Rethinking Waste - webinar series July-Feb.

The NRDC Seed Series, launching on July 6, introduces participants to key topics and issues in the world of discard studies; a growing, transdisciplinary field that centers how waste impacts our world. From the role of waste in pop culture to the lifesaving labor of sanitation workers to the relationship between the after-deathcare industry and waste inequity, and so much more. This 10-part webinar series serves as a point of departure for participants to learn more about how they can take steps in their own lives towards climate justice, anti-racism and rethinking waste.

The host of the series is Jesi Taylor – journalist, Discard Studies Co-Editor, philosophy graduate student, and TRUE Advisor. Her work and research lie at the intersection of Black Studies, Genocide Studies, Ethics, and Legal Theory with a focus on how waste mismanagement disproportionately impacts chronically disenfranchised communities.

Each webinar will be recorded and live streamed on NRDC YouTube channel. We will update this blog post with the links to the recordings throughout the series.

The webinar dates, topics, registration link and/or recordings are as follows:

  • July 6: “Waste” as a Construct - Learn about the history of waste and disposability and how excessive waste came to be culturally acceptable. 

  • July 27:  Waste Colonialism and Inequity - Learn how the concept of “waste” perpetuates systems of violence and racism.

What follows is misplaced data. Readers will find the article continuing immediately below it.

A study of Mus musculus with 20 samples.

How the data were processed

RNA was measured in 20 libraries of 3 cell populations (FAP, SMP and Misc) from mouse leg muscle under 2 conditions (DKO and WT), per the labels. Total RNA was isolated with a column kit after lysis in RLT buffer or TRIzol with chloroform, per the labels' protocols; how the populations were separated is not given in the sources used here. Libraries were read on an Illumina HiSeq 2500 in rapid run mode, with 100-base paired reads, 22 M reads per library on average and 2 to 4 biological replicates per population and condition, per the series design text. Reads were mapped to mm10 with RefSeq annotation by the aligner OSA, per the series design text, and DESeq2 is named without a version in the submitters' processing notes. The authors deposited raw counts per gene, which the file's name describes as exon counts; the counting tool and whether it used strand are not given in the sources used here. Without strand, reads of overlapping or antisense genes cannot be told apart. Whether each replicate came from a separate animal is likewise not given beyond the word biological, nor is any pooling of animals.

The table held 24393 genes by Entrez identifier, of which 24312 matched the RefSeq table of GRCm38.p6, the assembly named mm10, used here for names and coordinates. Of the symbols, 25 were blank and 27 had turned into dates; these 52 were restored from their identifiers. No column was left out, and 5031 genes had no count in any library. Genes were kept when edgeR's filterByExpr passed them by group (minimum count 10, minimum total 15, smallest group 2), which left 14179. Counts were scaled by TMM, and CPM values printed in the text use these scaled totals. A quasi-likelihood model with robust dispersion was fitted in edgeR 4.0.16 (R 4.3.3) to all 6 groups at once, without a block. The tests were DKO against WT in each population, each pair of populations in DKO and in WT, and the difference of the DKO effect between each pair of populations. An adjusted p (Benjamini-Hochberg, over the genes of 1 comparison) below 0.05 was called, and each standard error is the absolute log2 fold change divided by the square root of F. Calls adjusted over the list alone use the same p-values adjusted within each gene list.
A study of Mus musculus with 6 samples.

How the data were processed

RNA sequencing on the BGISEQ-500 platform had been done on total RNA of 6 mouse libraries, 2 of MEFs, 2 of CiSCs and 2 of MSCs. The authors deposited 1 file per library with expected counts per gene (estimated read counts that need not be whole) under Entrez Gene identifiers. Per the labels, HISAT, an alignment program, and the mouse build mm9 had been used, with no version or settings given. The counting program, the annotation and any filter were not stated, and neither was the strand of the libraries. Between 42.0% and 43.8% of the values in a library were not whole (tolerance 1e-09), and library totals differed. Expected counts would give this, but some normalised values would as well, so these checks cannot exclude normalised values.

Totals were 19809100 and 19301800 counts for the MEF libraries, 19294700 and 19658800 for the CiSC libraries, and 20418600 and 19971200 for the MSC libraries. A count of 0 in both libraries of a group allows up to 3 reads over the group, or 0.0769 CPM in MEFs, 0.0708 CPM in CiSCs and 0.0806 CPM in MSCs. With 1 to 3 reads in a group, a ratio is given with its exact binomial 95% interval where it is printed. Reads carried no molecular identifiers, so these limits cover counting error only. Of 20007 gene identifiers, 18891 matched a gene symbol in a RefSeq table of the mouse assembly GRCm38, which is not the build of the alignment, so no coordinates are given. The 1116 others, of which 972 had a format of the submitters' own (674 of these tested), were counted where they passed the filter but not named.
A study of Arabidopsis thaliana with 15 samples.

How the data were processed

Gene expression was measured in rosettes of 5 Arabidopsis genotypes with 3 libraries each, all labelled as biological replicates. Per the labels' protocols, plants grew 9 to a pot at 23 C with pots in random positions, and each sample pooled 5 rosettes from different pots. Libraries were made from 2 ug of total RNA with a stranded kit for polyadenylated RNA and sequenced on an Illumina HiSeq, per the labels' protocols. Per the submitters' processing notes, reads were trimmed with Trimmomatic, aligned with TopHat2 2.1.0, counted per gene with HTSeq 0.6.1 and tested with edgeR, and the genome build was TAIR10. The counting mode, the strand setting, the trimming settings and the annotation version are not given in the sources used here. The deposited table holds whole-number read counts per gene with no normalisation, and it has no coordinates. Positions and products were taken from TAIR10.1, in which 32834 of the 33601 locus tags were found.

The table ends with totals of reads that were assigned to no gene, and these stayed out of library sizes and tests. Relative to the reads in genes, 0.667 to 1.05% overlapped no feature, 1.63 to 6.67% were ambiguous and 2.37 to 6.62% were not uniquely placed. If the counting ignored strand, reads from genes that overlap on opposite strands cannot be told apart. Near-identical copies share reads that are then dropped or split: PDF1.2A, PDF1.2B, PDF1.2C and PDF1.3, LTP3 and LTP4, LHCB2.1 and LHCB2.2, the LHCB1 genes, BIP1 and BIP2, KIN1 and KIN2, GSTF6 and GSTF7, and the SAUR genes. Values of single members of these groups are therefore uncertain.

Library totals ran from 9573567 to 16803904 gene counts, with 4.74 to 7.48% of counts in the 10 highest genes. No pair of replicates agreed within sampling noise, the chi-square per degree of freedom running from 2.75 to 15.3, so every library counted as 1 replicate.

• August 24: The Myth of “Away” - Examine how disposability politics and waste inequity disproportionately and purposely impact certain communities.

  • September 14: Deathcare and Toxic Capitalism - Learn about how the deathcare industry (after-death services) perpetuates waste colonialism and harms the environment. 

  • October 12: Trashy Art - Learn about how humans have engaged with naturally occurring materials and waste to make art throughout history. 

  • November 2: Waste in Pop Culture - Examine how themes related to waste in popular media impact how we relate to waste conceptually and in our daily lives.

  • November 30: Community Care for Sanitation Workers - Learn about the essential role and labor of sanitation workers and why they need our support. 

  • January 11: Food Apartheid and Food Waste - Learn about the relationship between structural racism, colonialism, and food apartheid in the context of waste inequity. 

  • February 1: Soil, Water, and Pollutants - Examine how waste mismanagement impacts hydrological, agricultural, and soil-based systems on this planet. 

  • February 22: Decolonizing Urban Forest Ecology - Learn about how colonialism impacts urban tree ecology, related planning initiatives, and conversations about urban green spaces.